A break-in over the holiday weekend has a Fresno foster care agency scrambling to replace more than $3,000 worth of property – including leftover Christmas presents intended for children taken from abusive homes.
“The presents were for kids who come in over the next few weeks,” Kids Kasa Foster Care CEO Brad Castillo said. “The kids we take in are sometimes abused and malnourished. They may not have had a Christmas.”
Castillo said the thieves tried to smash in the front door of the agency’s office at 1275 W. Shaw Ave. with a large river rock. The door’s glass is tempered, so it shattered but did not break.
They then used the rock to smash an 8-by-10-foot glass window. They stole a few laptops and all of the children’s gifts save one – a girl’s bike.
“They probably tried to take that, too, but maybe it didn’t fit,” Castillo said.
The damage to the door and window will cost another $1,000, Castillo said, bringing the break-in price tag up to around $4,000. He also plans to install an alarm system, which will be an added cost. A GoFundMe account has been established to collect donations, and by Tuesday afternoon $1,260 had been raised toward the $3,000 goal.
Kids Kasa works with social workers in Fresno and Madera counties to find homes for children removed from abusive situations. Kids Kasa trains and monitors foster parents, who provide homes for the children brought to the agency by county governments.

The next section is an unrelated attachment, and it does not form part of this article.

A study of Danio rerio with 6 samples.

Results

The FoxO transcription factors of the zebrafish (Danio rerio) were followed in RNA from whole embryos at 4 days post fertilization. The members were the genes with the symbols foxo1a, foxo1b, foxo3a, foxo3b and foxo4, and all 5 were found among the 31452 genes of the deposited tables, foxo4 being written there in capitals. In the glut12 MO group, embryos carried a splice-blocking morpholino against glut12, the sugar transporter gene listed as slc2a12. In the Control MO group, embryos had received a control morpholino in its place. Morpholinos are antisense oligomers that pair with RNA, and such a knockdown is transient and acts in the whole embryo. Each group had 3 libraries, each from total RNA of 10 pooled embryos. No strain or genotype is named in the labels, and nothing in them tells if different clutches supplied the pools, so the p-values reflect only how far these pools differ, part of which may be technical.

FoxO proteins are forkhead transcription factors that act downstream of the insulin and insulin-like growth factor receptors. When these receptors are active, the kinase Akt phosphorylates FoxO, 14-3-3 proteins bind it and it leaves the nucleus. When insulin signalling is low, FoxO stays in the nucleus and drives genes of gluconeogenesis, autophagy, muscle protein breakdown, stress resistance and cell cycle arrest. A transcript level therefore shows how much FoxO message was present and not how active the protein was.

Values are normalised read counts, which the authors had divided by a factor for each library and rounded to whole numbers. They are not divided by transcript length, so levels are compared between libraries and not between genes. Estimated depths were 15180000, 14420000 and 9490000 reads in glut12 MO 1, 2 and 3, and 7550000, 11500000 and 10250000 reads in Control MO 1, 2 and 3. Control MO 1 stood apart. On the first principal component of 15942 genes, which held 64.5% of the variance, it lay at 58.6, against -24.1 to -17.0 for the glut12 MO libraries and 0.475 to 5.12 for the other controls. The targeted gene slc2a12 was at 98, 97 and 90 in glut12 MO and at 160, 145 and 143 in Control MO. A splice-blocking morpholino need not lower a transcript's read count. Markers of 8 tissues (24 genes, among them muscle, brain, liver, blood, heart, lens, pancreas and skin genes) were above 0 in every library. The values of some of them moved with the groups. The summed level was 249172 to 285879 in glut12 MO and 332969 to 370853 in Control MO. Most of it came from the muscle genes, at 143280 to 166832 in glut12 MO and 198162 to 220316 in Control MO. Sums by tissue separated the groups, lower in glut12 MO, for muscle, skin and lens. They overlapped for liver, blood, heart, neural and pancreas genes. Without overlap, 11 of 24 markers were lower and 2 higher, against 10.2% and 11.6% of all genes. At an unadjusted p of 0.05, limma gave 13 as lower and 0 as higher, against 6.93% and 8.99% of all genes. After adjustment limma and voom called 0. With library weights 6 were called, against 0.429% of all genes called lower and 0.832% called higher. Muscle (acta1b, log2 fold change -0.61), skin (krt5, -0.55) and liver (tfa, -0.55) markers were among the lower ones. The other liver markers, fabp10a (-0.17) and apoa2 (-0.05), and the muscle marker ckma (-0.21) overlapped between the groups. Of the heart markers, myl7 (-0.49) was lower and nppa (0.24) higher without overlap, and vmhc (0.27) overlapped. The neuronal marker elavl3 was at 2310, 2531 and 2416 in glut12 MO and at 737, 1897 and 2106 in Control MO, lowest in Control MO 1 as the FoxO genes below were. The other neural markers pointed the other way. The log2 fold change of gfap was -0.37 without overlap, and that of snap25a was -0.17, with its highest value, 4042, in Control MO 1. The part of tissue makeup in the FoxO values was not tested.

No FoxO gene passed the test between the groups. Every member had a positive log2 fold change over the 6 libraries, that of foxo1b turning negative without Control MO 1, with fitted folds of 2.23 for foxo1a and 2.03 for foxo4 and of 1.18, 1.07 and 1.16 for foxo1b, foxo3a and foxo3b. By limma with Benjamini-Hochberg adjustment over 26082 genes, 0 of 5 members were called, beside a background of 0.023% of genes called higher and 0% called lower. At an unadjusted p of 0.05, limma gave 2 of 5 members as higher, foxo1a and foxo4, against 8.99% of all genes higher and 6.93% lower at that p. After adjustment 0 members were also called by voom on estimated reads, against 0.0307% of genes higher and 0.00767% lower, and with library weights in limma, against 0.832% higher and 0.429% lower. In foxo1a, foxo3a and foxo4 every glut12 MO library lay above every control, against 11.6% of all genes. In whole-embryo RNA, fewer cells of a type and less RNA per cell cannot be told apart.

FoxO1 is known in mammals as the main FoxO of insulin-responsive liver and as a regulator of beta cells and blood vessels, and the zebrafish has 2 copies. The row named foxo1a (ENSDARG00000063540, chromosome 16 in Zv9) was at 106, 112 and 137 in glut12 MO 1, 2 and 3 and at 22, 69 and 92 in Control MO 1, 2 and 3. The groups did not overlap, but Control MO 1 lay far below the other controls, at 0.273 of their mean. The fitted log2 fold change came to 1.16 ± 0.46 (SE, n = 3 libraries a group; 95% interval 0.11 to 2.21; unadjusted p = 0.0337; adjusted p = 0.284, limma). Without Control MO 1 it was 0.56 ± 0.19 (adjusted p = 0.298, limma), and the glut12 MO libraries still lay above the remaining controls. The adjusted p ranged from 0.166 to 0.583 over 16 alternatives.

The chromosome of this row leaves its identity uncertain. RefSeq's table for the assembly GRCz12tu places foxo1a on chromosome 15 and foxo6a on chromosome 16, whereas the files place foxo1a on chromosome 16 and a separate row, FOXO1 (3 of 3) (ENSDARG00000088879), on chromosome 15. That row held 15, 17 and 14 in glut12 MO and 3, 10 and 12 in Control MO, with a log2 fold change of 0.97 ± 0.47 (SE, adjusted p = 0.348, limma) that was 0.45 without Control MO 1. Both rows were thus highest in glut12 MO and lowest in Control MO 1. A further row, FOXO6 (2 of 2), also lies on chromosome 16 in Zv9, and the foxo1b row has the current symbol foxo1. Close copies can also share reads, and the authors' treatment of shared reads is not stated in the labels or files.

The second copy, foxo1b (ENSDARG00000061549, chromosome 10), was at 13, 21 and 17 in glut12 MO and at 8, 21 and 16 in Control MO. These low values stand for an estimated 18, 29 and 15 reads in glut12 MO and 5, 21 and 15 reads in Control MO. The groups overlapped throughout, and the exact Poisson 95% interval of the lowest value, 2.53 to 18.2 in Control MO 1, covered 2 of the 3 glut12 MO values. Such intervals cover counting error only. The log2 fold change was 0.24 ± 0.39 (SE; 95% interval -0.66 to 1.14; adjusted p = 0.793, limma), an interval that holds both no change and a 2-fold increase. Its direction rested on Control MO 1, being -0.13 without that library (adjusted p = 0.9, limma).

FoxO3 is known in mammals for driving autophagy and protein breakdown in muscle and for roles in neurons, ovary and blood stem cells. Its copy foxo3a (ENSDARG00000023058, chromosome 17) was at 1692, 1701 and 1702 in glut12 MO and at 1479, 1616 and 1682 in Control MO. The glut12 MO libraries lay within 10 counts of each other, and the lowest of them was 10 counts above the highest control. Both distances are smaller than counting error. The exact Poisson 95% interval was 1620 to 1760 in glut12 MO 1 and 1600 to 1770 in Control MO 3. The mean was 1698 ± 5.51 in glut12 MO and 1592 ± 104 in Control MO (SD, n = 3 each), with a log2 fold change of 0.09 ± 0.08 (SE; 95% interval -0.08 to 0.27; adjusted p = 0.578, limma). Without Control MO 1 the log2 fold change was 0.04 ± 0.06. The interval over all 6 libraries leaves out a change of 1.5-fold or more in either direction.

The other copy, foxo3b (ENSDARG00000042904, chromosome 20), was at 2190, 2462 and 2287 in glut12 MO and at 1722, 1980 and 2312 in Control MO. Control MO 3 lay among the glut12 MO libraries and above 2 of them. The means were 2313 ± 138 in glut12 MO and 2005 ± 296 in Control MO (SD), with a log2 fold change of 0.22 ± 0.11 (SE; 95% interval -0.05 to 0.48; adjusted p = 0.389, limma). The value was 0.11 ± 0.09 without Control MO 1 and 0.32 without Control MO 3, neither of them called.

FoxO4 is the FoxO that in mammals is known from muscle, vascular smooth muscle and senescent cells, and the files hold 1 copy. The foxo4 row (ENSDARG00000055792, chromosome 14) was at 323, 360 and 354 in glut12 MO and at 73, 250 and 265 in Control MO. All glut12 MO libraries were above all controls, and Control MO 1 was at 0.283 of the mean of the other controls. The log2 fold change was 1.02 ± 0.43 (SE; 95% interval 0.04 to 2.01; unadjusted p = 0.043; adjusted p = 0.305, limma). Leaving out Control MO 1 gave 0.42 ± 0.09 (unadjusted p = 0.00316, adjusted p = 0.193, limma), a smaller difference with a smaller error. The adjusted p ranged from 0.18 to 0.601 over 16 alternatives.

Between 60 and 80 kids are housed year-round, Castillo said. There were 62 foster children at Kids Kasa’s annual Christmas party, he said.
Castillo said the gifts and parties are paid for solely by donations, as laws prohibit the agency from using government funding for those expenses. Kids Kasa holds a half-marathon in Woodward Park every September to pay for the holiday gifts and parties and other expenses. This typically raises about $6,000 a year.
Castillo, a running coach, also offers four-month marathon training sessions to adults in exchange for a $100 donation to Kids Kasa.
The Fresno Police Department is investigating the break-in.
Lt. Carl McKnight, operations commander of the department’s northwest policing district, said these types of burglaries are common in the city. These cases are solved at a high rate, as thieves are either caught in the act or found transporting stolen property.
Business owners can protect themselves by keeping valuables out of sight of the front store window and installing video surveillance systems.